If anyone needed another testament to the need for a fuel rewards card and a suitcase to appreciate this Tennessee basketball team’s potential, it was duly written in UT’s rally against Vanderbilt in Nashville and certified with the Vols spending another day in the SEC tournament.

Playing at home, Tennessee’s offense — for what it’s been and what there’s been of it — has failed to deliver within Thompson-Boling Arena beyond Josh Richardson.

Outside of Florida kicking sand in Smokey’s face, the Vols’ best performances have been reserved for games where its fans were largely relegated to watching on the SEC’s fledgling network.

For whatever reason, coach Donnie Tyndall’s first edition of Tennessee basketball showed once more that as abysmal and lackluster as it has looked in its 2-7 SEC home schedule, the 5-4 road version is a lot more potent.

Neutral floor was enough to draw out the best from Richardson in Tennessee’s first rally to tie it at 18, and in the second one that cut VU’s margin down to 50-47.

The rest of the Vols finally joined in after Vanderbilt rebuilt the lead to a dozen as the clock struck do-or-die time.

“I told them (in the timeout) we were going to be on our way home if we didn’t turn it around,” Richardson said. “I think we definitely picked it up from that time out.”

For the ensuing seven minutes, as Vanderbilt’s lead melted down to a 64-61 Vol advantage, UT looked like that road team in orange that could win as ugly as it had to.

It’s an effort Tennessee hasn’t shown much inside the borders of the Volunteer State, but this was the 615, not the 865.

Nashville’s Bridgestone Arena was just close enough to Vanderbilt’s Memorial Gym, UT’s fans weren’t present in home game numbers and the Vols summoned their full Mad Max the Road Warrior persona from the visiting bench when it mattered.

Tennessee could no longer help that it faced the Vanderbilt team that rebuilt its image after losing to UT in Nashville. The Commodores, the fourth-youngest roster among 351 Division I schools, grew into a dangerous team that wasn’t on anybody’s wish list to face in Nashville, especially UT’s.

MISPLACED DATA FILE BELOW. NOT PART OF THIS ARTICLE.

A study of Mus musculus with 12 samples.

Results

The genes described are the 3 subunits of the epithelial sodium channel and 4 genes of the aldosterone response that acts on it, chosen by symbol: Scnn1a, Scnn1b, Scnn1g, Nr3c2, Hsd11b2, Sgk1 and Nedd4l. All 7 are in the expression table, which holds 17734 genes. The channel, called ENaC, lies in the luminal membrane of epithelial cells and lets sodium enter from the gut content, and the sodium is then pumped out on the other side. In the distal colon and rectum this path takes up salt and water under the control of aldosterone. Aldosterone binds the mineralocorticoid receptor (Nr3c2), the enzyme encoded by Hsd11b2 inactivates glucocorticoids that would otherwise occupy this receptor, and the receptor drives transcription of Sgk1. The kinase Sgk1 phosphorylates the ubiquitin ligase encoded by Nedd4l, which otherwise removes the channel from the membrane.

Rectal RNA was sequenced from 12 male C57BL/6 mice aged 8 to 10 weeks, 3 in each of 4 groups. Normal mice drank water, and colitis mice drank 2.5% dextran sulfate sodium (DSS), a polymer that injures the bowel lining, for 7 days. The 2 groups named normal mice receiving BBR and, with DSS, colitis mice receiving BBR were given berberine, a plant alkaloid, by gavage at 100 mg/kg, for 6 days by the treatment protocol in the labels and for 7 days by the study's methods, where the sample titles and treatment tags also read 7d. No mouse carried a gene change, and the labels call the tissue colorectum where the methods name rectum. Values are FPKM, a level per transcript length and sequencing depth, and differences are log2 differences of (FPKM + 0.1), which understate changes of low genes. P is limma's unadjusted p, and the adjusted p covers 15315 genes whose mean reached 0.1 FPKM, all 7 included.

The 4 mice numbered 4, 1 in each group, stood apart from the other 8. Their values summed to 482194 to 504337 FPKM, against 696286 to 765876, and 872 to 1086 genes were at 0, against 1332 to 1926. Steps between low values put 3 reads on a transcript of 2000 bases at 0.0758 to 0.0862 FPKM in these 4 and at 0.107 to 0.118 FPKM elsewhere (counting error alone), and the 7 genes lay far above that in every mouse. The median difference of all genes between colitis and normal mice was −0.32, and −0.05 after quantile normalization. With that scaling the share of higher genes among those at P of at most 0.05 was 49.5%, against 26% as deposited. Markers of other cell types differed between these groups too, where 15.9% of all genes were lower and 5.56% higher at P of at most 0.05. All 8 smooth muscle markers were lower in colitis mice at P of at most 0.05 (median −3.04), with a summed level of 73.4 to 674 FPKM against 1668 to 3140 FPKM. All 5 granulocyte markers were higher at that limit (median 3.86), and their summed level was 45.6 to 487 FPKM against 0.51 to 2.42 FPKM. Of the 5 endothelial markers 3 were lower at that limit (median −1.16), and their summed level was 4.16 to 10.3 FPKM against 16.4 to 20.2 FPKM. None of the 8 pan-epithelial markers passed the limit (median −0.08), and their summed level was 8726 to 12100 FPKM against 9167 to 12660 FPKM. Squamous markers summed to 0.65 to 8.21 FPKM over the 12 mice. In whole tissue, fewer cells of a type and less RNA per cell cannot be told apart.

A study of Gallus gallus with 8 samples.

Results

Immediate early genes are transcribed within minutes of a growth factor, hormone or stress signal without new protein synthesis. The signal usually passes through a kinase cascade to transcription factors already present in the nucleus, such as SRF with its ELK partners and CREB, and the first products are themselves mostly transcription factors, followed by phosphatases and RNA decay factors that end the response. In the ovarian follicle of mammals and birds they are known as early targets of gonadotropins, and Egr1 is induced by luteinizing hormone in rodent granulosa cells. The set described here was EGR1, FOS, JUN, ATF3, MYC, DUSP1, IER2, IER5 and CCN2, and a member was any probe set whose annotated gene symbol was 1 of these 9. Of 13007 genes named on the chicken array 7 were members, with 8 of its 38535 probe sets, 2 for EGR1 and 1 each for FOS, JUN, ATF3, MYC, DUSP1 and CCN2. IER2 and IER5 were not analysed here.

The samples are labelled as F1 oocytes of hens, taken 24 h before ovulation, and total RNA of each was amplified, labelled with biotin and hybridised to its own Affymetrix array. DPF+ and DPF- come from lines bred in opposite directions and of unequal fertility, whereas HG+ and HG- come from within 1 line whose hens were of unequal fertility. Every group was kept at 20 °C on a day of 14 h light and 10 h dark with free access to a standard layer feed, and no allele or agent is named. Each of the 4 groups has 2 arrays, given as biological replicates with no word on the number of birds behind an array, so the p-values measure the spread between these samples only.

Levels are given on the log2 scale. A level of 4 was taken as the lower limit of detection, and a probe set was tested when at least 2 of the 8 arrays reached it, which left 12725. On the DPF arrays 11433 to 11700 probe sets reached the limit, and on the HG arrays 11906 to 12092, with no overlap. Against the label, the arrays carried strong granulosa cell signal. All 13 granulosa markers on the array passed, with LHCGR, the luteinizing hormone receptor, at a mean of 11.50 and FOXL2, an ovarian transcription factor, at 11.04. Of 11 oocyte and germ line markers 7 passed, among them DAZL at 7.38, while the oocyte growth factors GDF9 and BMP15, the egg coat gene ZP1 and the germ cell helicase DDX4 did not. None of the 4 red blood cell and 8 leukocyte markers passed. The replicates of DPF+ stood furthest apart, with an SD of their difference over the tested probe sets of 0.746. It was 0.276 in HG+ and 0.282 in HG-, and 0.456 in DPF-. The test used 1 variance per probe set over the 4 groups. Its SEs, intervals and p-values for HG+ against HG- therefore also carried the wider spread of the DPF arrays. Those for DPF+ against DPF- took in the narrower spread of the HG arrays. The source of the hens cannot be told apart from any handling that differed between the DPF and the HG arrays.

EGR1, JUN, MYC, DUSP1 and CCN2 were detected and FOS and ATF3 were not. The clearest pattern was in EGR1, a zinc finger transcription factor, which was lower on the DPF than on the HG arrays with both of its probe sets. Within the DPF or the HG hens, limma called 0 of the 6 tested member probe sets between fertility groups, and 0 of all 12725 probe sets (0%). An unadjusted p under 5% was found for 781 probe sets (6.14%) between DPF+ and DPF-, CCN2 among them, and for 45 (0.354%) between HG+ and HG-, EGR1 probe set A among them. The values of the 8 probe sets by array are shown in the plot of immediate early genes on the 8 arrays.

It couldn’t help that it took the floor directly in the wake of former Tennessee coach Bruce Pearl directing his 13th-seeded Auburn team over No. 5 seed Texas A&M — the Tigers’ second upset in Nashville in as many days.

But the Vols did deliver on the things they could help. Focus, energy, teamwork, all noticeably absent at home, were present in abundance at the end as UT advanced to the quarterfinals to take on No. 2 seed Arkansas with the 67-61 win over Vanderbilt.

“We just allowed them to become the aggressor there the last five or six minutes of the game and that was our undoing,” Vanderbilt coach Kevin Stallings said.

It could have easily been Tyndall’s line, but this game wasn’t in Knoxville. Instead, the red-hot Commodores await the NIT’s decision as an SEC one-and-done, and it’s the Vols who will get another go at Arkansas.

As long as the Vols are the visitors, that’s not really a bad thing.

Marcus Fitzsimmons is sports editor at The Daily Times. He wrote from Nashville.